A couple weeks ago I went to a live re-enactment of Alanis Morissette’s seminal 90s album, Jagged Little Pill. I was so unbelievably excited to have this opportunity that I downloaded and started streaming the entire album days beforehand, screaming it at the top of my lungs in the shower and in my car until I nearly made myself hoarse before I even go to the show. I have such fond memories from college of taking this CD on a trip with my friend Charlene. We drove in her giant, electric blue Suburban all the way to the beach in South Carolina and back, smoking cigarettes, drinking Barq’s cream soda, and singing along to this album as if it were the soundtrack to our souls.

The night of the Jagged Little Pill concert, my friends, also women in their 40s, sat around reminiscing about our stories like the one I just shared. At some point, I said, “I wonder if they’ll do the hidden track off the album?”

My friend, Amanda, looked at me, puzzled. “Hidden track?”

“You know, that song that came at the end, after the last song. You had to let it play in silence for a couple of minutes, and then it would start playing.”

“I’ve never heard of a hidden track.”

We were gobsmacked. How could she miss one of the most amazing phenomena about CDs? If you’re unaware, let me catch you up. When CDs were at the height of the form, before streaming bumped them out, there were remarkable, tactile ways to interact with them that will never be replaced.

First, of course, was the album artwork, the liner notes, just the aesthetic experience working your way from the outside in.

But then, once you got that beautiful medallion into the device, you got to play around with it to see if you could find any hidden tracks. There was one on an album, I can’t remember which, that you could find by hitting the back button as soon as the first song started to play. Of course, this was the eve of the internet, so you couldn’t just go online and see what everyone else had to say about the matter. You had to try it for yourself, or, gasp!, talk to people.

Our Jagged Little Pill night was provided by an all-guy cover group called Saved by the Band. They go all over doing cute, kitschy, nostalgia-filled evenings just like the one I experienced. Act II, after the album was over, avec hidden track–with style and flourish I might add!, was a collection of other great female ballads from the 90s.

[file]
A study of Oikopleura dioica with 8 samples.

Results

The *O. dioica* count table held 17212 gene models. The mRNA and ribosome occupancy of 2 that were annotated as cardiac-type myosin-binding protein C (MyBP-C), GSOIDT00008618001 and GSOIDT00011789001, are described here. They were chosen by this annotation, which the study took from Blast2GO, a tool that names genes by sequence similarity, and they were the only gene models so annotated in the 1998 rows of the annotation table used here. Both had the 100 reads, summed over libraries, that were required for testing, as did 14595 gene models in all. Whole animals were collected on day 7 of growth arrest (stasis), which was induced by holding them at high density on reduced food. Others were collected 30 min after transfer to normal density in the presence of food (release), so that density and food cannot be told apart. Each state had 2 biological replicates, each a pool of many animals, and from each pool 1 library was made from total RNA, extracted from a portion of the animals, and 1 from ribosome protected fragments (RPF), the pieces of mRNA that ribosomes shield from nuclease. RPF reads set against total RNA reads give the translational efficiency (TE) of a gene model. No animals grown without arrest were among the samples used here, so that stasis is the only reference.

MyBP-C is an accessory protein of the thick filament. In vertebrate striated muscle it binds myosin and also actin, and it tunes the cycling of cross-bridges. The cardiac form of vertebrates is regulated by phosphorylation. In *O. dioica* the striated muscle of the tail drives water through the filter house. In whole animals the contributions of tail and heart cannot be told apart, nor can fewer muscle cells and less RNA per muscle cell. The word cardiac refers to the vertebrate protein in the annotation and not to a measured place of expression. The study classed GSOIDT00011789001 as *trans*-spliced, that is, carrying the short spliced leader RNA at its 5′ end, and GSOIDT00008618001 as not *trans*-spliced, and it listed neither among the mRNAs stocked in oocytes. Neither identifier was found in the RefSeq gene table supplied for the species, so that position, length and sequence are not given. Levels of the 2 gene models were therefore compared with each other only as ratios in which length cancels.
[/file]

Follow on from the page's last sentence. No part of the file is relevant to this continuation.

Here is where I really lost my mind.

Songs I didn’t even fancy myself as nostalgic for, frankly turned my nose up at back then, came belting out of my body as I danced in the crowd and swooned up at the cute boy singing my girl power lyrics, and got a 1-hour crush on him, even though I’m pretty sure he was gay. So, yep, it really was just like I was back in college.

I think about those quintessential songstresses, the ones I didn’t eschew, and what they were teaching me. The ones that got the top row of my double-stacked crates of CDs, so carefully curated and put on display, covered with a drape-y scarf and candles and hauled from dorm room to dorm room to apartment to apartment for the better part of a decade. Alanis Morissette, Melissa Etheridge, Tracy Chapman, Jewel, Meredith Brooks, Dionne Farris, The Cranberries, Sheryl Crow, Natalie Imbruglia, No Doubt, Sophie B. Hawkins, Lisa Loeb, Natalie Merchant, Tori Amos, Ani diFranco, Indigo Girls…

Those ladies taught me a lot. We may not have gotten to #metoo until much later, but it was building on waves that came before. Sometimes, hidden waves. Sometimes they were visible, but you didn’t exactly know what you were looking at. And sometimes, those waves were riding on a pretty funky guitar.